Brands have an opportunity to hit the sweet spot between value and price

JOHANNESBURG – South Africans will enter the December period under immense pressure, reeling from the first interest rate hike in years, which came hot on the heels of the latest fuel price increase which sent the country into record territory. However, businesses looking to be part of the consideration set of consumers in these difficult circumstances don’t necessarily have to come in the cheapest. Instead, says Ridwan Gany, CFO of Petrocam Lubricants, in times like these, value is king. 

“This is not to say price doesn’t matter, of course it does,” says Gany. “However, if brands all battle down to see who can hit the shelves the cheapest, they risk pricing themselves out of business while losing something else that money can’t buy: the perception of quality and the loss of value-add to the customer.”

He explains that consumers tend to associate quality with price. “There’s no denying that consumers see value and price in a directly proportional relationship – until a certain point. After that, it becomes exclusionary, and you risk falling off the other side of the cliff.

“Hitting that sweet spot between a good, fair price for the value you offer, and being affordable enough – especially during difficult times – is crucial. If you look at our engine lubricant sector, there are entry-level providers that low-grade blends at very low prices and frankly, people get what they pay for. 

“On the other hand, some of the big multinationals sell their very good products at a premium, especially in the fully synthetic lubricant range. This adds to their prestige in the minds of the consumer,” he says.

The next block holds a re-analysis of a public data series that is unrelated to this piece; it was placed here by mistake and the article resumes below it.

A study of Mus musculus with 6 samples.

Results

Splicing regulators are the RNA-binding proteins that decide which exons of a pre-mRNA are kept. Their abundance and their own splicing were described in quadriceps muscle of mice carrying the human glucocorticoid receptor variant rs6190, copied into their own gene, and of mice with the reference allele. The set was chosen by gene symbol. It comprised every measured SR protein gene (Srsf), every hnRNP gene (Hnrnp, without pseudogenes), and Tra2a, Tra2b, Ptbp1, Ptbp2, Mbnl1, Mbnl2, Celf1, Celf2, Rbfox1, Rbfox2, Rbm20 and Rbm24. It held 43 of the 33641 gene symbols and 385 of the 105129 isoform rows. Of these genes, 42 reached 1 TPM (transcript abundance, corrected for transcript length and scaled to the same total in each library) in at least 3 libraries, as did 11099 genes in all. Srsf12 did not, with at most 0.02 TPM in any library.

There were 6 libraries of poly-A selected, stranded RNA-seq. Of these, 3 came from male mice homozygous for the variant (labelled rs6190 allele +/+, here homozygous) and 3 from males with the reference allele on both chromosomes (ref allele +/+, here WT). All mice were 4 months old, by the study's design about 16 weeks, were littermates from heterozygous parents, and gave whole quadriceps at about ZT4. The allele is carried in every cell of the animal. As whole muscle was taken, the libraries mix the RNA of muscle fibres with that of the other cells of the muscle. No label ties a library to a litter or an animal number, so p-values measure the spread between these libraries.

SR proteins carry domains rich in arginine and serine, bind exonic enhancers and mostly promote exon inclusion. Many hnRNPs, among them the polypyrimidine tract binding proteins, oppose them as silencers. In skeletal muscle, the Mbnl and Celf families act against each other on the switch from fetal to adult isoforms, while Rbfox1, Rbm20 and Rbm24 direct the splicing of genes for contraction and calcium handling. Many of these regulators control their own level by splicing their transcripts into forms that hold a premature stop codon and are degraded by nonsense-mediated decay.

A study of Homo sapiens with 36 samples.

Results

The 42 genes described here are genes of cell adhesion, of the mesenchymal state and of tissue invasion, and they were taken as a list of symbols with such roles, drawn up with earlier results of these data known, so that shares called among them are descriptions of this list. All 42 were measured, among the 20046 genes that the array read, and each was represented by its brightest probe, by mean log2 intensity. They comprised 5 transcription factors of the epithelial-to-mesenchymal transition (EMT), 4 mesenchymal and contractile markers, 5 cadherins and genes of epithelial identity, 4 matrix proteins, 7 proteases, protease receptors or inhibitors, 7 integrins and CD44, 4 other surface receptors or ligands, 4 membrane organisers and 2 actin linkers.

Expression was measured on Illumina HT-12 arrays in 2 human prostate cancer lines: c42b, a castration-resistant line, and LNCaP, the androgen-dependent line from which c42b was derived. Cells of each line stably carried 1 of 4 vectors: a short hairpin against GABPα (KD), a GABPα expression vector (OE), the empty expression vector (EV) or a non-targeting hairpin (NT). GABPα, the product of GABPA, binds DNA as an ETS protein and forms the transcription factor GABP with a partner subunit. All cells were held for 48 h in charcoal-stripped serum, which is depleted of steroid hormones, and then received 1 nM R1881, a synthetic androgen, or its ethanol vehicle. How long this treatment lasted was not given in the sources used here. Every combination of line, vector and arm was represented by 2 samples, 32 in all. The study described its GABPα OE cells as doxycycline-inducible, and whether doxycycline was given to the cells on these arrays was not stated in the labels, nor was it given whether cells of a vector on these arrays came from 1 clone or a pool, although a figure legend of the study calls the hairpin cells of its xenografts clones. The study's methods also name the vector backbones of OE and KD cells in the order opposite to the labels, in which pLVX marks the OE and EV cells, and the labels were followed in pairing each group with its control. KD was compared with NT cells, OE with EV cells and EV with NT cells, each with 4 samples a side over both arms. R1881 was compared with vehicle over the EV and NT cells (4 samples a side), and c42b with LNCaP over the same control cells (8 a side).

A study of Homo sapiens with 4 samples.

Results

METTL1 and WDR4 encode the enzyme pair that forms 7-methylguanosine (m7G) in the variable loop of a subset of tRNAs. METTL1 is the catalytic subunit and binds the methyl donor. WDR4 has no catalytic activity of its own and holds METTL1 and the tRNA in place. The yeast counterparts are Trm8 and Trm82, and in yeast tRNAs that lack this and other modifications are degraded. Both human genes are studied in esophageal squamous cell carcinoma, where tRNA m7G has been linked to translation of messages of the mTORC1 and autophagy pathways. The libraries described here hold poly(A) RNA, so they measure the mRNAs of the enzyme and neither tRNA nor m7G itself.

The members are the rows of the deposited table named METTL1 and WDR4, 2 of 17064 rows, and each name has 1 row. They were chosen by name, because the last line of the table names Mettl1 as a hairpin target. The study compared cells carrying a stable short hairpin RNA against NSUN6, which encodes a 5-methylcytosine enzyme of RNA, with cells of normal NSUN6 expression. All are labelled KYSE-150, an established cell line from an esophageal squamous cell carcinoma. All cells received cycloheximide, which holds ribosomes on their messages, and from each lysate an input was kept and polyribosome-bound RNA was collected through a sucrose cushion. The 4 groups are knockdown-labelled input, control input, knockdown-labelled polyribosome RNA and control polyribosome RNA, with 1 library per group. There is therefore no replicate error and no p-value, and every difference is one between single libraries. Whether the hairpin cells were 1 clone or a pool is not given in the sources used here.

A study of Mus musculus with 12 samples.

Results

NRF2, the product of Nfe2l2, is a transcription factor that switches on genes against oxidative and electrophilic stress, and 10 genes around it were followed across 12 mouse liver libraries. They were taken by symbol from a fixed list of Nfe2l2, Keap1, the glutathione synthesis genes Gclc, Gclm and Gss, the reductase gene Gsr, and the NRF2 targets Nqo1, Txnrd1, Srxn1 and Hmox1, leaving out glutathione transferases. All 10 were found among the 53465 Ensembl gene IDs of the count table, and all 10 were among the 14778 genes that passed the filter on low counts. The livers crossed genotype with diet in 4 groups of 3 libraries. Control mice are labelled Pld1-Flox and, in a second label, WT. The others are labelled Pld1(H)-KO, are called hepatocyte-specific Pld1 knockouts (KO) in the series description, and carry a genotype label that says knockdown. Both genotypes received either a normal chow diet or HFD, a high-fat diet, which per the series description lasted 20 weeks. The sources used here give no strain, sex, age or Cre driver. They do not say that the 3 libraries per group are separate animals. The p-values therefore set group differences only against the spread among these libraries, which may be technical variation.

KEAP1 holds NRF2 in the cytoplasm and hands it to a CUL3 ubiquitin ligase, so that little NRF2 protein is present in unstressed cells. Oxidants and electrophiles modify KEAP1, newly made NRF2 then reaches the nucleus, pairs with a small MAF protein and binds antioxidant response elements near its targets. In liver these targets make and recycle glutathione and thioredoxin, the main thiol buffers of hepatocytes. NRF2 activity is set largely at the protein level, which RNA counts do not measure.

Gany adds that a challenger brand, which is able to offer a similar quality and spec product, faces a pricing dilemma: use the business agility to squeeze margins and come in at an even bigger discount and risk being seen as “cheap” or not profitable enough to continue competing, or try fight the multinational battle and come second based on existing perceptions. “On the other hand, we have determined that when you hit that sweet spot, you operate in the value-for-money zone,” he says.

This value-for-money zone, says Gany, provides the perfect opportunity to educate users about new brands and products in a wide range of industries. “In good times, when there is more disposable income, there may not be an appetite to try something new. However, given our current economic environment, consumers may well be amenable to trying new brands without feeling as though they are giving up quality for cost savings.”

He says that while this strategy has worked well for Petrocam in other African regions such as Nigeria – where it also has a fleet of filling stations – and in South Africa, where it sells direct to consumers through digital platforms such as as well as through a distributor network, it won’t work if the product on offer is not up to par.

“We live in 2021. We live in the era of savvy consumers who are well-informed. There’s little point positioning a brand as a quality alternative and then selling inferior product. There must be substance to the claims being made.”